Round Ligament Pain
Prior to pregnancy, the round ligaments vary from 3 to 5 millimeters (mm) in diameter and 10 to 12 centimeters (cm) in length; during pregnancy and under the influence of hormones, these ligaments undergo considerable stretching and increase significantly in both length and diameter.
Stretching of the ligaments from the growing uterus can cause abdominal/groin pain starting around the second trimester as the uterus begins to come out of the pelvic area; this pain is sometimes mistaken for preterm contractions. It is believed the pain may be specifically caused by the tightening/spasm of the ligaments or irritation of nearby nerve fibers.
Round ligament pain can feel like a sharp, stabbing, or aching pain that travels from inside the abdomen down into the groin and can occur from laughing, sneezing, coughing, changing positions too quickly, and even getting out of bed. The pain may occur most often on the right side as the uterus often rotates clockwise.
The round ligaments can also have varices (dilated veins). Round Ligament Varices (RLV) are conditions where veins become tortuous and twisted and can cause groin swelling and pain.
Veins in the pelvic area can become weaker during pregnancy due to venous insufficiency and a growing uterus putting weight on the inferior vein cava (IVC). These veins cannot drain blood as efficiently as prior to pregnancy and can therefore swell and twist.
Usually, the pain associated with the round ligaments is temporary, resolves after delivery, and can be relieved through rest, slower movements, and lying on the left side (takes pressure off the IVC).
After pregnancy, the hormonal effects and the heavy uterus are no longer affecting the ligaments, which causes immediate relief upon delivery. However, the ligaments are still vulnerable to quick movement which can cause pain since the ligaments remain loose for several weeks.
Women should always call their HCP any time they have lower abdominal pain during pregnancy; women should not assume the cause of their pain is round ligament pain, although it could be. Many other conditions can cause abdominal pain and/or mimic round ligament pain and it is better for those possibilities to be ruled out.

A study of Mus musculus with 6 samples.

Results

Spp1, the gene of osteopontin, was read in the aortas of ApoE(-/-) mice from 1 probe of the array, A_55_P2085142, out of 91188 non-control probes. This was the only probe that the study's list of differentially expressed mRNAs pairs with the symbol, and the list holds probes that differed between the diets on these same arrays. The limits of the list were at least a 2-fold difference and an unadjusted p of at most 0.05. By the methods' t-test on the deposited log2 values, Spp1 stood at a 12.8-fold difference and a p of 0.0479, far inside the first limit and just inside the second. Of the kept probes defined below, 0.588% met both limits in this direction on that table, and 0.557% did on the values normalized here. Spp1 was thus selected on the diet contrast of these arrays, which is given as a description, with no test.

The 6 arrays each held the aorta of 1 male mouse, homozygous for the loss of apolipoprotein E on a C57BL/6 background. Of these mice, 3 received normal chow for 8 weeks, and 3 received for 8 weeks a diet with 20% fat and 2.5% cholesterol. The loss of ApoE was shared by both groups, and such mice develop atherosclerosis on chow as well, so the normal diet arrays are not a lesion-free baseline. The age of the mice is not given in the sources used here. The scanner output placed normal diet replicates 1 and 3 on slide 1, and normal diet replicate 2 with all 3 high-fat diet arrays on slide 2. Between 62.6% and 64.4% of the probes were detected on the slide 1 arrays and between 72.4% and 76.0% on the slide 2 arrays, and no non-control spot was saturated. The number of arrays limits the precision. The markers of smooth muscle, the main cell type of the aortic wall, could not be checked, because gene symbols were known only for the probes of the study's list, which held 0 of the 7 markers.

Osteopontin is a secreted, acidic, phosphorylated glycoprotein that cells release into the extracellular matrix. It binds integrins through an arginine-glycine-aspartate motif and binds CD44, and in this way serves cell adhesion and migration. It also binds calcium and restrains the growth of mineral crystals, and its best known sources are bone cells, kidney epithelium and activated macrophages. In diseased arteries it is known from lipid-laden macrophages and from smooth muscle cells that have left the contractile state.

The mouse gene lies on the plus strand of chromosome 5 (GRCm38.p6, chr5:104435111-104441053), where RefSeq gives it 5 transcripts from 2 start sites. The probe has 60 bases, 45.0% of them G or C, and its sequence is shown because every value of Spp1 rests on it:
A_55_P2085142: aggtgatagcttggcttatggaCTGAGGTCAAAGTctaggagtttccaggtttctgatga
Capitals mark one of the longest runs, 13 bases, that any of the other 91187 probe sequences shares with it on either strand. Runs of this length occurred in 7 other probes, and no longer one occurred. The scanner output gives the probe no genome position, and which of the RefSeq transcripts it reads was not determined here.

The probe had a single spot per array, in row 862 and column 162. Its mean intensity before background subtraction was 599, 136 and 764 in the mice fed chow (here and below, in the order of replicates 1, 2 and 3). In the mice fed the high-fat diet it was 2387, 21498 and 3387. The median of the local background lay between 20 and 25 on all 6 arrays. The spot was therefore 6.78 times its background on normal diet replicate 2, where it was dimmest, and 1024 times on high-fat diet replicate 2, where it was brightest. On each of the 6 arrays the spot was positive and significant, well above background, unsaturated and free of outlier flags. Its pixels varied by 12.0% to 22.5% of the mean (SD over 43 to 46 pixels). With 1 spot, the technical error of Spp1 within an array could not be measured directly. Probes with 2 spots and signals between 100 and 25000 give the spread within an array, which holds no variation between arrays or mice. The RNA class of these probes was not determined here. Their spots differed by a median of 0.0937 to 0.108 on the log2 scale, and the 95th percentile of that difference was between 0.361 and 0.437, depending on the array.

Women should also call their HCP immediately if severe pain is felt, to include in the lower back, as well as painful urination, bleeding/spotting, or the woman has a fever, chills, and/or nausea and vomiting. Any of these symptoms would rule out round ligament pain and could indicate (more rarely) preterm labor, appendicitis, gallstones, urinary tract infection, or placental problems.
To relieve and prevent round ligament pain, it is recommended that women should:
Use pillows to help support the abdomen, back, and legs
Try pelvic (hip) tilt exercises which may be effective at strengthening the ligaments and relieving pain
Move more slowly, brace the abdomen, and crunch up toward the pain to lessen the pull of the movement; try bracing prior to sneezing, coughing, and laughing
Occasionally lie on the left side to relieve pain, taking pressure off the IVC, and relieving swelling
Engage in physical activities such as walking, yoga, and swimming which can strengthen the core and back
Consider acetaminophen for severe pain, under the direction of their HCP
Try warm compresses to the area
Avoid prolonged standing and heavy lifting
Try a warm bath
Women should also consider sharing and submitting their experience below regarding round ligament pain during pregnancy. This can help other women learn additional perspectives regarding this concern and how to potentially manage symptoms.
When round ligament pain occurs, it can be sudden, unexpected, fast, and intense, especially if it was due to a position change or cough/sneeze. The woman may need to lie down right away to ease the discomfort.
Partners and family members should help women get off the floor, couch, bed, or chairs later in pregnancy to help her avoid sudden shifts in movement that can strain the ligaments.